As Hollywood and the record industry take legal action to halt illegal downloads, colleges are tightening rules and warning their students

August 30, 2003|Jon Healey and Jeff Leeds | Times Staff Writers

On Sunday, 1,200 incoming Yale University students will listen to a half-hour lecture outlining all the things they can do with the school's formidable computer network.

That will be followed by another half-hour presentation about what they shouldn't do online -- in particular, downloading free movies and music.

Pressured by Hollywood and the record industry, colleges and universities across the country are welcoming students this month with warnings against pirating. Schools also are slapping tighter restrictions on the use of campus Internet connections.

"Before, people were in kind of a fantasyland," said H. Morrow Long, director of security for Yale's computer network. "They didn't think the Internet had anything to do with the law. They thought it was a law-free zone. Now I think some of them are aware, and we're trying to make them seriously aware."

Campus administrators are responding to both external and internal forces.

Record company executives have served several campuses with subpoenas seeking the identities of students who allegedly have bootlegged songs online, earning the schools unwanted publicity. At the same time, campus computer networks are clogged by students making free copies of music, films and software.

College students have been among the most enthusiastic users of file-sharing systems such as Kazaa, which people use to copy millions of audio and video files stored on computers around the world. Many college networks are 10 to 100 times faster than the speediest home Internet connection, making it far easier for students to download large media files.

Entertainment companies have responded with an intense effort to root out campus piracy and pressed college leaders to do more.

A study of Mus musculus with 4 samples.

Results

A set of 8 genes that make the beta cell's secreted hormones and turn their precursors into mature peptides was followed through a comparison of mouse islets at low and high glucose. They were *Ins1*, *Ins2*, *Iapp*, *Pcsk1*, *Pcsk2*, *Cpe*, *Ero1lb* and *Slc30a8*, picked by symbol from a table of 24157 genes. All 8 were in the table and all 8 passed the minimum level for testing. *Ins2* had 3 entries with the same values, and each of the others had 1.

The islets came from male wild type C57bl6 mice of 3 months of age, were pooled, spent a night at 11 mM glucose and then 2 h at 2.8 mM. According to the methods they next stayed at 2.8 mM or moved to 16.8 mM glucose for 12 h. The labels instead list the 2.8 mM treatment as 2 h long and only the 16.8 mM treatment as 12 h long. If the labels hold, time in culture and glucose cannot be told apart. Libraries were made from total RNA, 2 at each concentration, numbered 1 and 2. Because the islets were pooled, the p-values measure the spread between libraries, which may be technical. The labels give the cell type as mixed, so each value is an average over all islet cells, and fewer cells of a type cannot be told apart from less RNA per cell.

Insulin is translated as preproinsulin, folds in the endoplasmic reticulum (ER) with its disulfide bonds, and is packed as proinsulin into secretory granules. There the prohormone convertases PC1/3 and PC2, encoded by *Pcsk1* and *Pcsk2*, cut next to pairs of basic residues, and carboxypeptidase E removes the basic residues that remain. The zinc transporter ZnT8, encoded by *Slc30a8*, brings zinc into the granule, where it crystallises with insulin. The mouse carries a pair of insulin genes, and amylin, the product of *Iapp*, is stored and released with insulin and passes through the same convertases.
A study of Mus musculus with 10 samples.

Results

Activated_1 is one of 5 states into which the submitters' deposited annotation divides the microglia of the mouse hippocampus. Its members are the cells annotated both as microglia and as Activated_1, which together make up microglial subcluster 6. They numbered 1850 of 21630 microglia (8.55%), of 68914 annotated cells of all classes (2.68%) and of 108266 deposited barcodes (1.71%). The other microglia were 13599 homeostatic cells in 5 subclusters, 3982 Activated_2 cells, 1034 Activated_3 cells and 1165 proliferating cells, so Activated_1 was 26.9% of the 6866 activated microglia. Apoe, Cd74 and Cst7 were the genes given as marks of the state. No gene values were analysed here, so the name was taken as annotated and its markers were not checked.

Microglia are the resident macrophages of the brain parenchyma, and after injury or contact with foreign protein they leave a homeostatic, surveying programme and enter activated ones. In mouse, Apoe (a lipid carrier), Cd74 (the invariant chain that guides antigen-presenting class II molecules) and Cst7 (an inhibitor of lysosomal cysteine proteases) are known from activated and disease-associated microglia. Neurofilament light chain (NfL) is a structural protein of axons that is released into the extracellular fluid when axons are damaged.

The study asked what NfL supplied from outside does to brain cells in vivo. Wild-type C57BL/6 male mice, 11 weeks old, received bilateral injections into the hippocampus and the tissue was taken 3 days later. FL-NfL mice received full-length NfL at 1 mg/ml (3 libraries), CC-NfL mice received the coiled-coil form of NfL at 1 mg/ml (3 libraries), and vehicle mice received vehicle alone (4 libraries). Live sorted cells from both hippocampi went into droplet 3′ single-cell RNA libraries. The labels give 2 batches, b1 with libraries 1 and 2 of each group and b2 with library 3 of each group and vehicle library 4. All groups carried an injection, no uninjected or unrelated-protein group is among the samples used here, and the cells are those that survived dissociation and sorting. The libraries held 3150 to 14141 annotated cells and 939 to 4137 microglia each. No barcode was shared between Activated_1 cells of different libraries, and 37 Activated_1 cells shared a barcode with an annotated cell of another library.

Administrators at UC Berkeley, for instance, say they have been overwhelmed by letters from entertainment companies demanding that their works be removed from the campus network. Berkeley received 163 notices last year, up from just 10 two years earlier.

So now schools are cracking down. At Berkeley, a student who wants a free Internet connection in his dorm room must attend an orientation session that includes a warning about the legal troubles file swapping can bring.

Such warnings have a new edge this semester. Instead of speaking about hypothetical situations, Yale's Long said he would be telling students about the four students -- at Princeton University, Rensselaer Polytechnic Institute and Michigan Technological University -- sued in April by the record industry.

Each of the four paid $12,000 to $17,500 to settle claims that they violated music copyrights by offering songs on campus file-sharing networks.

But how many students listen to finger-waving lectures about anything?

For students who live on campus and need Berkeley's connection, the warnings of disabling Internet access are "definitely a credible threat," said Sarthak Shah, a 20-year-old senior and economics major. But for the most part, "the basic take from my peers is that no one is really scared legally to download music, movies or burn CDs. On campus, people won't download files because of the credible threat, but they'll end up doing it through other means."

Jeanne Smythe, director for computing policy at the University of North Carolina at Chapel Hill, said that some students ignore the variety of warnings UNC provides about piracy but that "very, very few" are repeat offenders. "They know if they do it again they're going to get in trouble," she said, adding that the possible penalties include expulsion.

Colleges have been targeted for lawsuits too. In April 2000, the heavy-metal band Metallica sued Yale, USC and Indiana University for enabling students to copy songs through the Napster file-sharing service. All three quickly satisfied the band by blocking students' access to Napster.

Last October, representatives of the music and movie industries sent letters to 2,300 college and university presidents, urging them to police their networks and educate students about the legal risks of violating copyright. They also joined top administrators from five universities in a task force to discuss ways to address piracy.

Sheldon Steinbach, general counsel of the American Council on Education and a member of the task force's staff, said it had been "patently clear" to schools for almost a year that the "massive downloading" of movies and music can impede students and faculty in using their networks for academics. But changing students' behavior, he said, is unlikely to be easy.

"We have to reverse probably close to a decade of home downloading to the applause of peers and the tacit approval of parents. It takes some effort. You can't simply say, 'Well, what you've been doing for the past decade is wrong.' You have to explain."